Qualcomm ships wireless charging gear
Helps one of three would-be standards, A4WP, to narrow timing gap with Qi and PMA
Published: 1 May, 2013
There are at least three would-be standards for wireless charging of mobile devices, and Qualcomm has thrown its weight behind the Alliance for Wireless Power (A4WP), producing the first commercial test gear.
This is important for A4WP which lags behind rival groups in availability. The chip giant has started shipping test equipment based on the A4WP's specifications, allowing handsets to be charged without needing a pad, just by placing them up to 45 millimeters away from a wireless power source. That source could be placed inside furniture or behind a wall, and then repower multiple devices.
Qualcomm calls its technology WiPower, and says it will be far easier to instal, especially for retail outlets wanting to provide wireless power, than the current pad-based systems, as supported by Nokia and others. A4WP uses magnetic resonance so that, instead of having to line up a device perfectly along a charging pad, only a small part of it needs to touch the surface.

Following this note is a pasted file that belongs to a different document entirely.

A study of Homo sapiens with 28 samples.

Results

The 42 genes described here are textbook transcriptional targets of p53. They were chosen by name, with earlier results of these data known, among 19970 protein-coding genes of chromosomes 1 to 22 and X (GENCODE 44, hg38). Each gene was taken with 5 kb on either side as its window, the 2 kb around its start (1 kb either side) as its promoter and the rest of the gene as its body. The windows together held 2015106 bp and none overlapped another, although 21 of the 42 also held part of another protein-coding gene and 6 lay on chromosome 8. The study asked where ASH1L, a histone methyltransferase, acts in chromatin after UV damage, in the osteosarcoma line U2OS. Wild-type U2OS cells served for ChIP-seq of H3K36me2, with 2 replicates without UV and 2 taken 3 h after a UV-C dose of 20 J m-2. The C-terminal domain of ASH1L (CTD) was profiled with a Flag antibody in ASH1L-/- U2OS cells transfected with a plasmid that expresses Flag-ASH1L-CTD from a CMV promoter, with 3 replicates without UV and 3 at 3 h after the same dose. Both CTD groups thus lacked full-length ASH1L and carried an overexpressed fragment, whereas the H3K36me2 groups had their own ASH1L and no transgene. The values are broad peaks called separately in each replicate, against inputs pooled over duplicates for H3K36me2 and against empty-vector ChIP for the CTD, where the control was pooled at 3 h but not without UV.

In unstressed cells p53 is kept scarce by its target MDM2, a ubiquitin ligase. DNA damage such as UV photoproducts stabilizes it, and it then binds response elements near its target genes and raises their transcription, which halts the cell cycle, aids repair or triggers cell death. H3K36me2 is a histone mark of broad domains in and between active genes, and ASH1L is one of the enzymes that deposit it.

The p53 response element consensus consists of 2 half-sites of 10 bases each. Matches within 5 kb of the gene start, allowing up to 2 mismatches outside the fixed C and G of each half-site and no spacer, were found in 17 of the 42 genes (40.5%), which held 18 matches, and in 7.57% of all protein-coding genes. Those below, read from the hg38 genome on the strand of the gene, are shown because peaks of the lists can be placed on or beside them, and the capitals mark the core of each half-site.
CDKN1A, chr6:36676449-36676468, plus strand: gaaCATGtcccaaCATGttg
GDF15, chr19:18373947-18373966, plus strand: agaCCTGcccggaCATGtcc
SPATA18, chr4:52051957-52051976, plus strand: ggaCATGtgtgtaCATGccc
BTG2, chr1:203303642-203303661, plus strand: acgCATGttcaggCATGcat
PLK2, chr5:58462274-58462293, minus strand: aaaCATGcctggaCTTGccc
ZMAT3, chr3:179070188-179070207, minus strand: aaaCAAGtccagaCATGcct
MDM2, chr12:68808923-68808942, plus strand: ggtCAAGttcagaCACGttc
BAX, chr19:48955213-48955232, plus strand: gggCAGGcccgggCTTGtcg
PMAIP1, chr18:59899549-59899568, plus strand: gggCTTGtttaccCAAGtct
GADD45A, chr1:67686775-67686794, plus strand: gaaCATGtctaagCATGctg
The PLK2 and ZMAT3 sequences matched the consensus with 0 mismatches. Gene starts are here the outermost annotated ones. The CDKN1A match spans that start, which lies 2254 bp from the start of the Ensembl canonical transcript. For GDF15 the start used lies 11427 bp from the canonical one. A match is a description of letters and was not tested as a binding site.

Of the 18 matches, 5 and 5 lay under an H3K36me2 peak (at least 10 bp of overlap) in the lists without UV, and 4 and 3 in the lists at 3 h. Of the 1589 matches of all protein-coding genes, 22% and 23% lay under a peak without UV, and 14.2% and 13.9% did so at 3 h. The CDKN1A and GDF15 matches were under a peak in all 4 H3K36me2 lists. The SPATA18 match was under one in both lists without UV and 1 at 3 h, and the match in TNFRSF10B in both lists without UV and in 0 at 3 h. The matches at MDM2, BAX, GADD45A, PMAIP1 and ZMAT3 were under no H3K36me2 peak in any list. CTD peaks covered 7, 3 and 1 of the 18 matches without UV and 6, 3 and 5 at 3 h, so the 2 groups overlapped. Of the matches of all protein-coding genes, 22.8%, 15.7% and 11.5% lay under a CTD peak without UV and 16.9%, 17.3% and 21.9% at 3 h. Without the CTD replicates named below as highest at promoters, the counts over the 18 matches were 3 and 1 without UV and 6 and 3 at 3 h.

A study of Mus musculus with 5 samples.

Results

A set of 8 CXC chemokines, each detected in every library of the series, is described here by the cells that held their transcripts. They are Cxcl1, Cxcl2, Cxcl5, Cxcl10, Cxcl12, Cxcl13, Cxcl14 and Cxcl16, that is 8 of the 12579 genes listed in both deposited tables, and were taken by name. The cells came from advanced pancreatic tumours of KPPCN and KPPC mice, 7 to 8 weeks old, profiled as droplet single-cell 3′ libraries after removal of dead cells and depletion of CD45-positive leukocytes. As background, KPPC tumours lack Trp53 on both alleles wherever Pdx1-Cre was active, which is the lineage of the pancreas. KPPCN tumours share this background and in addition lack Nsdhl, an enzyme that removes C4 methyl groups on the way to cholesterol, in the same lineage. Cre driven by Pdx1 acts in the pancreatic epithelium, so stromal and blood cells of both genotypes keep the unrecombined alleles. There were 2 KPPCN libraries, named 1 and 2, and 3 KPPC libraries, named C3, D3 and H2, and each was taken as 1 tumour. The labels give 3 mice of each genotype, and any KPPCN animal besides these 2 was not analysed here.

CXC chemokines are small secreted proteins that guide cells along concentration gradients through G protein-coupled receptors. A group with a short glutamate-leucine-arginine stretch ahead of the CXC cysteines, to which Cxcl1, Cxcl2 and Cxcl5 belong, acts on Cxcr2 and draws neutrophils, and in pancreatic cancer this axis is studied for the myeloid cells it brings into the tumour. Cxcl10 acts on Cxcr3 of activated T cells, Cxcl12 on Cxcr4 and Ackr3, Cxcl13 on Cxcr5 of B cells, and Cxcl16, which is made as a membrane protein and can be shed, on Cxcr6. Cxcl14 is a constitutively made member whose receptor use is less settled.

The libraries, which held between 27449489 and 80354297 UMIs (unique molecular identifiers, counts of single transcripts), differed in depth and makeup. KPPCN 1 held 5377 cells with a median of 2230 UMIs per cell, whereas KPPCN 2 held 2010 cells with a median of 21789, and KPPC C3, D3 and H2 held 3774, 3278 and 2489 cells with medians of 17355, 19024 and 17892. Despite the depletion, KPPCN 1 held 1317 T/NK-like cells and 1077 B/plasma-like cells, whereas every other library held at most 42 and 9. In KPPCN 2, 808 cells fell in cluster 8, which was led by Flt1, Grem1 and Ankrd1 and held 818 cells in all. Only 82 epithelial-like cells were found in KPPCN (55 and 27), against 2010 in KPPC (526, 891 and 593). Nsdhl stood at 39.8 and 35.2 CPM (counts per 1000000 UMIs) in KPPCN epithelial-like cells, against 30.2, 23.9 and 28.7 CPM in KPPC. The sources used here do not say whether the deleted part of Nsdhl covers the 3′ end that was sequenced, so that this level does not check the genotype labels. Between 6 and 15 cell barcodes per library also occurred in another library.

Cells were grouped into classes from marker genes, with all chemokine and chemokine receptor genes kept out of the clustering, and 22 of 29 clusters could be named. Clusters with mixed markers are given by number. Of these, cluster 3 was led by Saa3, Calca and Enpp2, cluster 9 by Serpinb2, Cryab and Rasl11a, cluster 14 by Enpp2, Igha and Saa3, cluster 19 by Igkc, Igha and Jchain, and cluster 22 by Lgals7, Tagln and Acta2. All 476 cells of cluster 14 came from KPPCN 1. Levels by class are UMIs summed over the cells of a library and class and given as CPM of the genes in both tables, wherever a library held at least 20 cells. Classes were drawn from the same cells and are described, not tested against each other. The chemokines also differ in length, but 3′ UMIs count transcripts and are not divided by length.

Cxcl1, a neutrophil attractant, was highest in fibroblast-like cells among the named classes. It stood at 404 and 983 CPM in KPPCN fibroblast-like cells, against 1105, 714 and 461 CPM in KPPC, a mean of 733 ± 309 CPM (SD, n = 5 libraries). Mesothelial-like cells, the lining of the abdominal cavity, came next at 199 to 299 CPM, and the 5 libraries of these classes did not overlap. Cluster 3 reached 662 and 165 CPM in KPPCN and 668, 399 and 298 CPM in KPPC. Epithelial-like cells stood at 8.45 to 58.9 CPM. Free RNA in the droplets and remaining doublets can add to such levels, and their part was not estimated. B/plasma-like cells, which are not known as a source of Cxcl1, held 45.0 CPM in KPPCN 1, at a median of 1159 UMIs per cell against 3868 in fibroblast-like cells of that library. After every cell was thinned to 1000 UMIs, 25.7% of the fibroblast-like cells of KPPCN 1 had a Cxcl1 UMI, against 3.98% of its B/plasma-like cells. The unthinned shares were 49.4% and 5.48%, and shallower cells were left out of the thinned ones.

The A4WP specs were released in January and Samsung is another founder member of the Alliance. Despite the support of two mobile heavyweights, the largest number of industry players currently backs a rival group, the Wireless Power Consortium, which runs the Qi platform. This has 136 member companies, compared to 39 for A4WP and 69 for a third organization, the Power Matters Alliance (PMA). The latter's platform is called Power 2.0.
The space is very much up for grabs still. AT&T, for instance, favors the PMA system, developed by Powermat Technologies and Procter & Gamble, which has gained some presence in the US thanks to support from Starbucks, and recently signed up LG and ZTE. But Qi is most established, even though it requires pads - it appears in Nokia smartphones and in the Galaxy S4 (Samsung is hedging its bets as usual, including Qi and PMA in its current flagship handset but also supporting the A4WP effort).
Of course, Apple has not thrown its weight in the ring yet, having refused to commit to wireless charging at all so far.